Fresh off leading a “sit-in” on the floor of the House of Representatives, author and Civil Rights leader Congressman John Lewis spoke to librarians at the 2016 ALA Annual Conference, delivering a message of hope and perseverance.
“We still have a distance to go,” he told the audience. “There are still forces in America that want to divide us along racial lines, religious lines, sex, class. But we’ve come too far, we’ve made too much progress to stop or to pull back. We must go forward. And I believe we will get there.”
Lewis appeared as part of a special event at ALA (which ends its run in Orlando June 28) celebrating the 50th anniversary of the National Endowment of the Humanities, along with his co-authors of the March series of graphic novels, Andrew Aydin, and Nate Powell. NEH Chairman William D. Adams was also on hand, and in his introductory remarks, connected support for the humanities with the health of our democracy, telling librarians that the establishment of the NEH in the middle of the “great society” legislative push of the 1960s, which included the Civil Rights Act, and the Voting Rights Act, was no accident.
“There is no democracy without the act of memory,” Adams said, adding that the “humanities and democracy are deeply and permanently intertwined in the history of the life of this country.”
In the NEH’s 50-year history, Adams noted, the NEH has made about 63,000 grants to individuals and cultural institutions across the country totaling $5.3 billion, with libraries a major recipient of that support—nearly 3,400 library grants over the last 50 years totaling $515 million, and another 80 grants to the ALA, beginning in 1971. One of the NEH’s most recent grants—to ALA’s Great Stories Club program, which provides access to books to at-risk and underserved youth—has put March in the hands of many young readers nationwide.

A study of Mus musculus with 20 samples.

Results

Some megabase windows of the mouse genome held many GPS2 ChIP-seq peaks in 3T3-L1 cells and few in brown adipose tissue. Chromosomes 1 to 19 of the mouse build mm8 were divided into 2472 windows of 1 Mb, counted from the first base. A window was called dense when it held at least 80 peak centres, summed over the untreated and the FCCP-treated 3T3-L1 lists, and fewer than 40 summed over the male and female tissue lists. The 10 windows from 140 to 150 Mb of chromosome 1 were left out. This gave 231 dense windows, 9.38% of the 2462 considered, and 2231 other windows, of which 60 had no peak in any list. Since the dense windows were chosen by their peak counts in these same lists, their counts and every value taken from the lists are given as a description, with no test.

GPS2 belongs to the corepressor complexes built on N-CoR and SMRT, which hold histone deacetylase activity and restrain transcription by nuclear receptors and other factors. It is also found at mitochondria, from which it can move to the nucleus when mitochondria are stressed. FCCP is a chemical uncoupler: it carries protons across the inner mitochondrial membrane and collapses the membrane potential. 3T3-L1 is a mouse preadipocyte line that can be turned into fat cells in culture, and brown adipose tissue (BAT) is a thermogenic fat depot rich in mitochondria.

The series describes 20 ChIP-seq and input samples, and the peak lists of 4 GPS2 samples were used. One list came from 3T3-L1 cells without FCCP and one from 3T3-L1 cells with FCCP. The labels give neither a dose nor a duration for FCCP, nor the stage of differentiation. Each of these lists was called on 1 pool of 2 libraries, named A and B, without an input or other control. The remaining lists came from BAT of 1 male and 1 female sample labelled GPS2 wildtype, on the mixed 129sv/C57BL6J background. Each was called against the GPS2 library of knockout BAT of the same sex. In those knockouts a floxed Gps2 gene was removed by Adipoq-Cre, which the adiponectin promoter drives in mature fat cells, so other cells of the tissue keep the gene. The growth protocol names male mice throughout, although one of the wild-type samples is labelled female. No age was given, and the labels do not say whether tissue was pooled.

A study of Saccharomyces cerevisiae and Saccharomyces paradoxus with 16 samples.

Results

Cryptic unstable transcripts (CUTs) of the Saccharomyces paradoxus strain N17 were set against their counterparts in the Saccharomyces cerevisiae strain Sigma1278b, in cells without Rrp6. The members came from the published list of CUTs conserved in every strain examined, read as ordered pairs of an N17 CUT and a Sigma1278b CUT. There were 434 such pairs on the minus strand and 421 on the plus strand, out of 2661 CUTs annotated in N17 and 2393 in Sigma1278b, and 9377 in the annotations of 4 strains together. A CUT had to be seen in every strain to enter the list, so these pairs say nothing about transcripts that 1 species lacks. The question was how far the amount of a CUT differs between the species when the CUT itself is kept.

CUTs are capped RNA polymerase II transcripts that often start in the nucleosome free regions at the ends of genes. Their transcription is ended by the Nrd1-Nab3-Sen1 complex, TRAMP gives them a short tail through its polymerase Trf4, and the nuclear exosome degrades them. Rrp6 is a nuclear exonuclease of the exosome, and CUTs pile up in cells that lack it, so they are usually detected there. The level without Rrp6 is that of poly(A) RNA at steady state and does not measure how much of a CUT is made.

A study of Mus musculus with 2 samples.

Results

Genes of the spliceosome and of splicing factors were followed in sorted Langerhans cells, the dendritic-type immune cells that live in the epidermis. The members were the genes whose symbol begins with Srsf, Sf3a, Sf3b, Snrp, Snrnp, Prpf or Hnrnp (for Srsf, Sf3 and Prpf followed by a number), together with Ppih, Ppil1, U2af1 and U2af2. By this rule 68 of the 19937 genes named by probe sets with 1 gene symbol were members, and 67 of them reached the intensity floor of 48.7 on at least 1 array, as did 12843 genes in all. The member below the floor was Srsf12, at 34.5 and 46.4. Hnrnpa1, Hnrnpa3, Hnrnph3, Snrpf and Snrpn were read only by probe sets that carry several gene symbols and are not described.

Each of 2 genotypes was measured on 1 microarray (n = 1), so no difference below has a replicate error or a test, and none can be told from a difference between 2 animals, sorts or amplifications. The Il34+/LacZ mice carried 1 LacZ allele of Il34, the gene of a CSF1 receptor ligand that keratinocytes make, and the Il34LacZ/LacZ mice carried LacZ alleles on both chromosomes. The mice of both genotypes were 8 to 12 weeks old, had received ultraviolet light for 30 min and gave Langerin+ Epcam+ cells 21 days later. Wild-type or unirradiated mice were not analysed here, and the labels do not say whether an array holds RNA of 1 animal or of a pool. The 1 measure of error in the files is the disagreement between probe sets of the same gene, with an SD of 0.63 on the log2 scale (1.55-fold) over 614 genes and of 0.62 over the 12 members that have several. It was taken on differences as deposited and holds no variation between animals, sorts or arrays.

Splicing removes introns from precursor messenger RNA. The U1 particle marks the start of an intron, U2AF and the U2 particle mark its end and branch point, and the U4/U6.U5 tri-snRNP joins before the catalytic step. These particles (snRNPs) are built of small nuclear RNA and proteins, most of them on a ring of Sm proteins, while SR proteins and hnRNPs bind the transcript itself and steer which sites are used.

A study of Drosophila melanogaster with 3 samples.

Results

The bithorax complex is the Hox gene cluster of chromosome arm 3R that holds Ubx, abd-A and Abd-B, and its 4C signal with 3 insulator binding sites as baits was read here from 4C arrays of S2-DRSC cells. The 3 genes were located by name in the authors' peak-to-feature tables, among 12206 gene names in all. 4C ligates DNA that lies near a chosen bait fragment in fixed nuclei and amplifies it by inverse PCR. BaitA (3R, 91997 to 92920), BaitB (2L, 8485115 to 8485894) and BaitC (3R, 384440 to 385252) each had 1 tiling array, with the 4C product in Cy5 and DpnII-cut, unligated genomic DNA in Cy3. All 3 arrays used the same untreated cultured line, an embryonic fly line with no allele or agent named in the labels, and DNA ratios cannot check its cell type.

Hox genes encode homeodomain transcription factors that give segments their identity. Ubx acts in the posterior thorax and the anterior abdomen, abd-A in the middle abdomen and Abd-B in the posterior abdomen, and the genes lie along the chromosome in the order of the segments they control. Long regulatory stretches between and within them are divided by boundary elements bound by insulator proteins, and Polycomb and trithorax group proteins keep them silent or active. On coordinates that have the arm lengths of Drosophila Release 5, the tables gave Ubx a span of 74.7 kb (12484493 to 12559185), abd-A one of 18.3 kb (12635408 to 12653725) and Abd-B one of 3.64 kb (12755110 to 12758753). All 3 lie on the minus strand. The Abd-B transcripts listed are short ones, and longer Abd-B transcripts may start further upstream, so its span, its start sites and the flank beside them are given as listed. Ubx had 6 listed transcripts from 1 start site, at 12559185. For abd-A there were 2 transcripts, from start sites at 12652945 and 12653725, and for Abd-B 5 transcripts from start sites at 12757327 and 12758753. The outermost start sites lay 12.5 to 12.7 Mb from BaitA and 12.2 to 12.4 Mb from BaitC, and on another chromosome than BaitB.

In his talk, Lewis reflected on his life, and struck a note for social justice and inclusion—a dominant theme at this year’s ALA, beginning with Michael Eric Dyson’s opening keynote. Lewis also spoke briefly of his recent “sit-in” in Congress, an effort to pressure Congress to act on gun control measures following the hate-fueled mass murder at the Pulse nightclub in Orlando on June 12.
“We meet here in Orlando, a city where, two weeks ago, what happened was a crime against humanity,” Lewis said. “And that's why I made up my mind that I could not be silent anymore, that I had to speak out. And sometimes you have to do something out of the ordinary.” He told librarians there was “a moral obligation” to speak out in the face of great injustice—and just as he did during the marches of the 1960s Civil Rights movement—to “find a way to get in the way, to get in trouble, good trouble, necessary trouble.”
Lewis went on to celebrate the work of librarians, for helping kids engage with history “so they can learn never ever to make the mistakes” of past generations.
“What March is saying is that it doesn't matter whether we are black or white, Latino or Asian, it doesn't matter whether we are straight or gay,” he said. “We are one people, with one family. We all live in the same house…. and through books, through information, we must find a way to say to people that we must lay down the burden of hate. For hate is too heavy a burden to bear.”
Despite appearing to be one of the lesser attended annual conferences in recent years (at press time official ALA attendance figures were not available) the 2016 ALA Annual Conference has brought a large measure of positivity to the city of Orlando, still reeling from the tragic events of June 12. ALA attendees participated in a memorial service and blood drive among other events organized in honor of the victims.